UPDATE Feb. 28, 1:26 p.m.:
More guests to President Trump's speech have been announced.
José Andrés, the celebrity chef in the midst of a legal battle after backing out of plans to open a restaurant in the Trump International Hotel in Washington, D.C., will be the guest of Rep. Filemon Vela (D-TX), CNN reported.
Sen. Elizabeth Warren (D-MA) invited Iraqi refugee Tiba Faraj, according to a statement from her office.
UPDATE Feb. 28, 10:04 a.m.
President Trump announced the guests he would bring to his speech to a joint session of Congress Tuesday night. These guests often foreshadow key topics of the speech.
Trump will bring Jessica Davis and Susan Oliver, widows of two law enforcement officers killed by a twice-deported suspect in 2014. Jamiel Shaw Sr., whose son was killed by an undocumented immigrant in 2008, will also appear. He spoke at the Republican National Convention last summer.
Other guests include:
- Maureen McCarthy Scalia, widow of former Supreme Court Justice Antonin Scalia
- Megan Crowley, a 20-year-old college student battling the rare genetic disorder Pompe disease and the daughter of the founder of Novazyme Pharmaceuticals
- Denisha Merriweather, who enrolled in a Florida private school and became the first member of her family to graduate high school and college
WATCH | It's not technically a State of the Union, but President Trump is going to give a speech to a joint session on Congress on Tuesday, and lawmakers planning to bring a slew of guests that represent their pet causes.
It all started with Reagan
President Ronald Reagan was the first to invite a special guest to a State of the Union. He invited Lenny Skutnik to his address in 1982. Skutnik had become a local hero when he rescued several people from the Potomac River after a plane crashed into the 14th Street Bridges between Washington, D.C., and Virginia.
Reagan gave a nod to Skutnik in his speech, and speechwriters now use the term "Skutnik" to refer to a special guest the president acknowledges during the speech.
Bring out the political mascots
Now lawmakers often bring guests of their own. They might only get a few seconds of on-camera time during audience pans, but it's just enough to turn the media spotlight on key issues they want to highlight.
These special guests personify a politician's talking points.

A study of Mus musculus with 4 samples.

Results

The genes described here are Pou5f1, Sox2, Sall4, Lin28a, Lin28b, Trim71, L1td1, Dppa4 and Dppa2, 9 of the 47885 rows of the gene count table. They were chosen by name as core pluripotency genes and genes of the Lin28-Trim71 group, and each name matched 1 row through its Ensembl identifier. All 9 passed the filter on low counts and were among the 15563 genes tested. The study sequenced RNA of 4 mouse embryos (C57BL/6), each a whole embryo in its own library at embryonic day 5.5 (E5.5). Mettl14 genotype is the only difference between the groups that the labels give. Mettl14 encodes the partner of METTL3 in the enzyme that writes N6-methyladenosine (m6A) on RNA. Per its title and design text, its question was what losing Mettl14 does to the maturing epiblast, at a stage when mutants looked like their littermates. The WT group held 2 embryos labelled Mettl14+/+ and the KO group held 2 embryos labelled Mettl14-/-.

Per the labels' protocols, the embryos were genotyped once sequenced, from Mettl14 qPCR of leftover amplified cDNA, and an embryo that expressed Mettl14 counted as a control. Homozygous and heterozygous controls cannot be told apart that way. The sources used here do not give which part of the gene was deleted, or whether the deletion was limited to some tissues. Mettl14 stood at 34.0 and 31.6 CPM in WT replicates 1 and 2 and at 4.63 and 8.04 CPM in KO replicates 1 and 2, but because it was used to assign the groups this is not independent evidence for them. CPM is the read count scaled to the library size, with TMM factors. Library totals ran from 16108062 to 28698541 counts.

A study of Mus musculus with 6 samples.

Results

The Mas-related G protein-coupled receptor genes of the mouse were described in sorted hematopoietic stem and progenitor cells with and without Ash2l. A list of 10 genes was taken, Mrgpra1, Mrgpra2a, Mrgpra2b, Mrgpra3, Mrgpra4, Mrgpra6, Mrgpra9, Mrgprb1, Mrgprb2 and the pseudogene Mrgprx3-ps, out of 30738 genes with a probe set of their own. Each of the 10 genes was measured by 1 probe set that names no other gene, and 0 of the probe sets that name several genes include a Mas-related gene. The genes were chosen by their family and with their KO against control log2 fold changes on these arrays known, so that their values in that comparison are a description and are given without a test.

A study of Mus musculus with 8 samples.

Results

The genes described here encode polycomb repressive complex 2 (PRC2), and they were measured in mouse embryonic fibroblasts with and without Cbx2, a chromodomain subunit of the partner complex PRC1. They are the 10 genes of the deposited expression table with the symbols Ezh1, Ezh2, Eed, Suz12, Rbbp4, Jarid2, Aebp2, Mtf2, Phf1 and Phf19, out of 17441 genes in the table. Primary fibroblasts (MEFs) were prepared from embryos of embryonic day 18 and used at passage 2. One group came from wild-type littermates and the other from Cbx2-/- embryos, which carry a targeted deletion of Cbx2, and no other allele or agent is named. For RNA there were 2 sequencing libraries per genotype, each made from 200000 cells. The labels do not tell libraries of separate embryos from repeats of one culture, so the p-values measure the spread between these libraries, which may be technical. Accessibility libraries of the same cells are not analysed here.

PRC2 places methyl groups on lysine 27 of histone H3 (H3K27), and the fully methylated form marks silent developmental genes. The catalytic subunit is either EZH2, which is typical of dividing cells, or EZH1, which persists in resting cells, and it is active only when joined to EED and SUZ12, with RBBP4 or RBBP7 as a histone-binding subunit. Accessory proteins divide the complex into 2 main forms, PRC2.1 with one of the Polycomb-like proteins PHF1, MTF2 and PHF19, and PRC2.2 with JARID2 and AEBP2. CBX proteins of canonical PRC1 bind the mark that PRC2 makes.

Who's on the guest list this year?
A group of Democrats has been circulating a letter on Capitol Hill urging their colleagues to invite guests who represent groups that would be harmed by Trump's policies.
"We want to send a strong message to the President-elect that he cannot push these communities aside, and he cannot change the fabric of this country," the letter says.
The letter, signed by Reps. Jim Langevin (D-RI), Judy Chu (D-CA), Michelle Lujan Grisham (D-NM), David Cicilline (D-RI), Cedric Richmond (D-LA) and Jared Polis (D-CO), encourages lawmakers to bring people who, "despite discrimination or marginalization," have a positive impact on their communities.
Democrats plan to invite guests who highlight several key issues, like immigration, protecting people with disabilities and Obamacare.
Langevin will bring Dr. Ehsun Mirza with him to Trump's speech. Mirza is a Pakistani doctor and Muslim community leader.
Likewise, freshman Rep. Pramila Jayapal (D-WA) will bring Muslim activist and interfaith leader Aneelah Afzali with her to the speech.
Cicilline has invited Jeannine L. Chartier to the address. Chartier is the executive and artistic director of Vision Strength Access, a group that advocates for people with disabilities.
Polis will be joined at the speech by Deferred Action for Childhood Arrivals beneficiary Oscar Juarez-Luna. Luna's family moved from Mexico to the U.S. when he was a toddler. Luna hoped to join the U.S. military but was unable to enlist because of his undocumented status.
Several lawmakers, including Sen. Tim Kaine (D-VA), and Sen. Bob Casey (D-PA) are bringing guests who have pre-existing medical conditions and have obtained health care coverage through the Affordable Care Act.
It's not just Democrats
Some Republican lawmakers are bringing special guests of their own. Rep. Louie Gohmert (R-TX) invited Fox News host Sean Hannity.
Two other Republicans invited family members of a cop who was killed in the line of duty.